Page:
Travel Writing on Ireland - are there any special recommendations? You bet there are. And you are invited to share your opinion on travel writing on Ireland too!
So you are planning to go to Ireland, you have thought about the right guidebook for the trip and now you want to read up on the auld country. Or simply need a good read for the flight. or you are an "armchair traveler" looking for a new destination. Travel literature on the Emerald Isle abounds, as do books about Ireland. And some books are really outstanding. May I present my favorites (sorted in alphabetical order by author)?
- No News at Throat Lake by Laurence Donegan
This book is not about travel, it details the slightly scurrilous adventures of a former rock star (of sorts) and journalist trying to survive in Donegal. From being drafted into the local Gaelic football team under an assumed name to discovering new-born kittens in his bed. And from covering the "Mary from Dunloe" pageant to bringing a frown to Daniel O'Donnell's otherwise permanently smiling face.
- Freewheeling through Ireland by Edward Enfield
If you ever discover a desire to enjoy the Emerald Isle at a different pace (and donkeys are not your thing, see below), read Enfield's recollections of cycling through Ireland. He hopped on his bike at the sprightly age of 64 for his first bicycle tour in Ireland and loved it. The book is low on actual, practical "guidebook content" but high on witty observations. And told in a heart-warming, sometimes old-fashioned manner.
- Round Ireland with a Fridge by Tony Hawks
Starting with a drunken bet (Hawks insists he is neither a betting nor a drinking man), the author puts a (albeit small) fridge on a luggage carrier and travels all over Ireland with this unusual luggage. One month, hitch-hiking, with a fridge, for a wager of £ 100. It sounds like a stupid idea (and probably is), but the resulting, very funny book is a bestseller. And tells you a lot about Ireland and the Irish.
- A Ghost Upon Your Path by John McCarthy
McCarthy was held hostage by a Lebanese militia for more than five years in the late 1980s. This is a man used to be alone. At the height of the "Celtic Tiger" he holed himself up in a small village in Kerry, looking for links to his family's Irish background. Not a guide, but a very moving description of life in today's Ireland. And of the need to face some ghosts of the past now and then.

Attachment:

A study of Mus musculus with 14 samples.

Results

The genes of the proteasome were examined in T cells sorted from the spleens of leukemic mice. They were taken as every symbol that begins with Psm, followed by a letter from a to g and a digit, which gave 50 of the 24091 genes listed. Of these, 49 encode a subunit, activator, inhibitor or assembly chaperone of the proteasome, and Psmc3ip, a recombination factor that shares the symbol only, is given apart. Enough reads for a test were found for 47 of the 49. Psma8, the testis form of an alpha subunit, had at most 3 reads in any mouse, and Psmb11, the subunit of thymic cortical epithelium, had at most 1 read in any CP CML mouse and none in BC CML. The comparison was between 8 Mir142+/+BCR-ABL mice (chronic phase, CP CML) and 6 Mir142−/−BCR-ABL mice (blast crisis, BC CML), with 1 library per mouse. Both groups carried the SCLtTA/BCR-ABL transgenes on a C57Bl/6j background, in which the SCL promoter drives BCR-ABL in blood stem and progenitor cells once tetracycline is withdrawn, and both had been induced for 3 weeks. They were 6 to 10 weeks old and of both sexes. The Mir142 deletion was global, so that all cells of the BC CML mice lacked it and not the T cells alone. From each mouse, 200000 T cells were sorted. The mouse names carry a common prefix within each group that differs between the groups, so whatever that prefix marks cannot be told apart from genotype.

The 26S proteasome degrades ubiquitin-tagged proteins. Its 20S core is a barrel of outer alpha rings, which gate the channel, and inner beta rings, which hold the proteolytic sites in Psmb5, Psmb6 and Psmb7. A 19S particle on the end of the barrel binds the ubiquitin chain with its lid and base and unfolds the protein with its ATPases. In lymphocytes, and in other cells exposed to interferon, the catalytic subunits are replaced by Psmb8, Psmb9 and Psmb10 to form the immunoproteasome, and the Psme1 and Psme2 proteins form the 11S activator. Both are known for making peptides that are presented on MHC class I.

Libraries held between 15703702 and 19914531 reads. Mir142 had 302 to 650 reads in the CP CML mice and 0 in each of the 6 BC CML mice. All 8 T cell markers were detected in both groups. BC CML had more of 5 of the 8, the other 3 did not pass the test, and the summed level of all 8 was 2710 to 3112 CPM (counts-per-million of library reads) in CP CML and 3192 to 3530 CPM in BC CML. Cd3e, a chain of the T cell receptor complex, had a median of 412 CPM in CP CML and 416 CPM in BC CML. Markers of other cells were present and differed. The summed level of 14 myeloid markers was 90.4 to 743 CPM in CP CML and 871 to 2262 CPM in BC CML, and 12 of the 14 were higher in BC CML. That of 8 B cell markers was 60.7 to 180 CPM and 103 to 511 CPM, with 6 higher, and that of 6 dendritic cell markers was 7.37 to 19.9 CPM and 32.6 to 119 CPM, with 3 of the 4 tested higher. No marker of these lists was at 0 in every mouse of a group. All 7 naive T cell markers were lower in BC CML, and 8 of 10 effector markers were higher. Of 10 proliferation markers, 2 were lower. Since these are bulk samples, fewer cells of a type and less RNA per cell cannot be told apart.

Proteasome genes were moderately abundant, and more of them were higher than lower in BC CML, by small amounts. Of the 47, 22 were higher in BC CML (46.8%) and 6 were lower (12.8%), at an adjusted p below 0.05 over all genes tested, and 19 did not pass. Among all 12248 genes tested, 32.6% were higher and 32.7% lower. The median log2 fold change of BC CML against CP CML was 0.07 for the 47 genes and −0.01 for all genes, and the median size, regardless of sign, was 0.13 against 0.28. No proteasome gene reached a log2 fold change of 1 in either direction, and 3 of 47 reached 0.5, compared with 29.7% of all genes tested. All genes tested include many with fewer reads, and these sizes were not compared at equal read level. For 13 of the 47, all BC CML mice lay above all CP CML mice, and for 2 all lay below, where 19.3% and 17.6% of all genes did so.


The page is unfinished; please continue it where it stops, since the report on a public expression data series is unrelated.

- McCarthy's Bar by Pete McCarthy
"The harp player had just fallen of the stage and cracked his head on an Italian tourist's pint. There was a big cheer, and Con the barman rang a bell on the counter." And that was just the start of the prologue! McCarthy follows the 8th Rule of Travel religiously: Never Pass a Bar That Has Your Name On It! With a few pubs and bars named McCarthy's in Ireland, McCarthy's travels sure were fun. And they are a joy to read.
- Jaywalking with the Irish by David Monagan
Written by an Irish-American ex-pat, that is a US citizen with Irish roots spending a sabbatical in Cork, this book starts with a close encounter with an Iraqi barber. Which is only one of the minor incidents. Monagan experiences the highs and lows of Irish life, including crime and Guinness (often closely related). A good portrayal of modern Ireland through the eyes of a very gifted writer. Also a very honest portrayal of the downside of the "Celtic Tiger" - the story ends with Monagan going back to the USA fairly disillusioned, but still loving Cork.
- Around Ireland with a Pan by Éamonn Ó Catháin
Though most people would not think of touring Ireland for the local food, this is exactly what Ó Catháin did. The radio and television presenter is best known for his series Bia's Bóthar on Irish-language station TG4. In his book he travels all over the island, comments on food, shares recipes, portrays chefs. Which make the book a guide, a souvenir, an eye-opener (there actually is gourmet food on the island) and a good read (if you are at all interested in food, beyond calorie intake that is).
- Last of the Donkey Pilgrims by Kevin O'Hara
Vietnam veteran O'Hara is at loose ends in 1979 ... when he gets the remarkably strange idea to travel around Ireland with a donkey cart. Laughed at at first, the American actually travelled 1,800 miles, starting in Roscommon and then following the coastline counter-clockwise from Oranmore. "Why in hell's bells would you want to do that?" smirks not only a horseman. Read the book and find out. Not quite up-to-date after an interval of a quarter of a century, but a genuinely readable book of observations.
Read any of these? Or found better ones? Or really bad ones other travellers shoudl avoid? Share your opinion on travel writing on Ireland on my feedback page!